How Mississippi's Jim Crow-era election system could decide Tuesday's election
Posted November 5, 2019 6:04 a.m. EST
Updated November 5, 2019 8:55 a.m. EST
CNN — The winner of Mississippi's gubernatorial election Tuesday will not only have to capture the state's popular vote, but will also have to prevail in the state's unique election process for electing a governor and other statewide officials that was established during the Jim Crow era.
Mississippi Lt. Gov. Tate Reeves, a Republican, is running against Attorney General Jim Hood, a Democrat. While Hood already faces a challenge in capturing the state's popular vote -- Cook Political Report recently labeled the race as "leans Republican" -- the state's unusual election process could also complicate his path to the governorship.
A candidate needs a majority in the popular vote and needs to win a majority of Mississippi's 122 state house districts. If no candidate fulfills both of these requirements, the Mississippi House of Representatives, which is controlled by Republicans, selects the winner.
The election process, as written in the state's constitution in 1890, was enacted at a time when white Southerners were putting in place laws to deny blacks political power.
Critics of the system have say it "dilutes" the African American vote in favor of white districts and officeholders.
A federal judge ruled Friday that the unique election process will remain in place for Tuesday's election despite a lawsuit filed earlier this year by four African American Mississippi voters against Mississippi GOP Secretary of State Delbert Hosemann and Mississippi GOP House Speaker Philip Gunn, accusing the state of violating the 14th and 15th Amendments to the US Constitution as well as a section of the Voting Rights Act.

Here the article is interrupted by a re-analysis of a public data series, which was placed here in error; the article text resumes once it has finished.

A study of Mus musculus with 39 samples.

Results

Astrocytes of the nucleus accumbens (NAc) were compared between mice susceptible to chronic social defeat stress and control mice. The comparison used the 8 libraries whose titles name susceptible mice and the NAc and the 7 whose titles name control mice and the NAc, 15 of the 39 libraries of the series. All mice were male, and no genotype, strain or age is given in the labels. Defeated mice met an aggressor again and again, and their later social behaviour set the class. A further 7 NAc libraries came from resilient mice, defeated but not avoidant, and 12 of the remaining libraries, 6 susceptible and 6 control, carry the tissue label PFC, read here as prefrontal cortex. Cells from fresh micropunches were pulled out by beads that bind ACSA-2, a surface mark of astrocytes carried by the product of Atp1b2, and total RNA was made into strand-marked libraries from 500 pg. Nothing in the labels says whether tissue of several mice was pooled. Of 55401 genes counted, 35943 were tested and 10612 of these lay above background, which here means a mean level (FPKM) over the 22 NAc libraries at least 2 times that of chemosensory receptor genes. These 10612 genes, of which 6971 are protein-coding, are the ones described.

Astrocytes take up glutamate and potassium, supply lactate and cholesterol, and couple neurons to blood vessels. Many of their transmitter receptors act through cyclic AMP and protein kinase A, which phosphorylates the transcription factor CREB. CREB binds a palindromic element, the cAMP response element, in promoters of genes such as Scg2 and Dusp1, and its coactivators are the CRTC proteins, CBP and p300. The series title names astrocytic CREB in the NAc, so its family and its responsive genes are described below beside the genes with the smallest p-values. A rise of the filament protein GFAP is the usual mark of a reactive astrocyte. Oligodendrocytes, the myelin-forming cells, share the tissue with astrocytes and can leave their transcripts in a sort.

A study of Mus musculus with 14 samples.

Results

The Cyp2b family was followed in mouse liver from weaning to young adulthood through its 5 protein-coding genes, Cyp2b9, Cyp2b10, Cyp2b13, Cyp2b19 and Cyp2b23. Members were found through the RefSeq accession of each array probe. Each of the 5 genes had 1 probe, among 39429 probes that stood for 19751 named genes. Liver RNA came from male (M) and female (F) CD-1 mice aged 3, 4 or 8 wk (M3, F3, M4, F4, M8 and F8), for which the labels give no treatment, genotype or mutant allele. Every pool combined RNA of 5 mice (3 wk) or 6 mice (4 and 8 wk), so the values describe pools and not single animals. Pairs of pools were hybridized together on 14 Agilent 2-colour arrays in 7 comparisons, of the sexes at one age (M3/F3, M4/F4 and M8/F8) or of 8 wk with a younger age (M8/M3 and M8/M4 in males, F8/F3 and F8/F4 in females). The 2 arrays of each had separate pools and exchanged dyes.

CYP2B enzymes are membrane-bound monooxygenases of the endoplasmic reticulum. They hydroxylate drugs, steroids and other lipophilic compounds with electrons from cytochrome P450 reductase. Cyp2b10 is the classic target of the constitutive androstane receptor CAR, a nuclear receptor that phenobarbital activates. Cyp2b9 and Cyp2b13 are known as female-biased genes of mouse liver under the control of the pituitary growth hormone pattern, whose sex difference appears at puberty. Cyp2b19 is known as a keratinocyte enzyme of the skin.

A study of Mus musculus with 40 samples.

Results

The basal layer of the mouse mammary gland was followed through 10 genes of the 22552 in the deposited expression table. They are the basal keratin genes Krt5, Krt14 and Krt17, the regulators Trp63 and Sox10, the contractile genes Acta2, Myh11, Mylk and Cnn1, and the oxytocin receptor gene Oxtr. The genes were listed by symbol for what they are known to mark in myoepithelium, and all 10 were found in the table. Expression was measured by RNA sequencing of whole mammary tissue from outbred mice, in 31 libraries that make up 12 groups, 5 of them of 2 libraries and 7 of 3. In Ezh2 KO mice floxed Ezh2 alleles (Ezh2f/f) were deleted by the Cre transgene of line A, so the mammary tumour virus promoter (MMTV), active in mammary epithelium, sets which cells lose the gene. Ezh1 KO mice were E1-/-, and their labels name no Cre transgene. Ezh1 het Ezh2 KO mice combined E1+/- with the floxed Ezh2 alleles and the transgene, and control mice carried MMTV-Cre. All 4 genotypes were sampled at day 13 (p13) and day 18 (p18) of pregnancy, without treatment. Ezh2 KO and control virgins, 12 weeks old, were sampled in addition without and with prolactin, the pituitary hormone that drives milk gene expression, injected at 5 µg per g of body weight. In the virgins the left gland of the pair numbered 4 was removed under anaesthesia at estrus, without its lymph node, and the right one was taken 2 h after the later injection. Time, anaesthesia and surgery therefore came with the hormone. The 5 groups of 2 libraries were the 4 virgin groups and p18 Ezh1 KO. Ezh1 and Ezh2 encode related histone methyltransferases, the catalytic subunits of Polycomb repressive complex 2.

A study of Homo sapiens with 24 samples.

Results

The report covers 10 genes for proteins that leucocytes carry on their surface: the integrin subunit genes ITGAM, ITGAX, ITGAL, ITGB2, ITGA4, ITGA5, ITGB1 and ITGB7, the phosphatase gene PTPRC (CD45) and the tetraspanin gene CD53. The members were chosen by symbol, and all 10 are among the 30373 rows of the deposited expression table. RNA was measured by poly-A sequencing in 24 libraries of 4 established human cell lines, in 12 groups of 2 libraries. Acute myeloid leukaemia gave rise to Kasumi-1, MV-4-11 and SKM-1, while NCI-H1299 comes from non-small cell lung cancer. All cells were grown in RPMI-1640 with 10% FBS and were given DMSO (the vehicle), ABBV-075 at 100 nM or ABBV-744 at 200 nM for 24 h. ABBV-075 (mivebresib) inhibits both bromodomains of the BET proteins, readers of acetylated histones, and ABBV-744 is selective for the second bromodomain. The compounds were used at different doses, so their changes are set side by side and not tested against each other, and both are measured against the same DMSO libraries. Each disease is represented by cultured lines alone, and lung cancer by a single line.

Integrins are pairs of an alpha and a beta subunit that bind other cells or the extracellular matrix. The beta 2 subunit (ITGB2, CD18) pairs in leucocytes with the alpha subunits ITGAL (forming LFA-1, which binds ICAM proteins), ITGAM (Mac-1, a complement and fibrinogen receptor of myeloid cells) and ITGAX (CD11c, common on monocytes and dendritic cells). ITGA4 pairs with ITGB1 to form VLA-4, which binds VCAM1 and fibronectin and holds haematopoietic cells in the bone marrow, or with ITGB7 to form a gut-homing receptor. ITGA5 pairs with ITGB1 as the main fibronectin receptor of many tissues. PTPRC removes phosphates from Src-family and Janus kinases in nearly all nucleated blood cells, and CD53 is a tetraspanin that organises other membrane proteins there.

"Absent court intervention, the challenged provisions will continue to infringe upon the constitutional and statutory rights of African American voters in Mississippi, dilute African American votes and violate the one-person, one-vote principle in the upcoming general election and in every statewide election for years to come," the complaint submitted to a federal court in Mississippi read.
The provision increases white control because "the vast majority of House districts have a majority-white population that can easily outvote the smaller number of highly concentrated African-American majority districts," the complaint said.
While Mississippi has the highest share of African Americans of any state in the country, not a single African American has won state-level, statewide office since Reconstruction.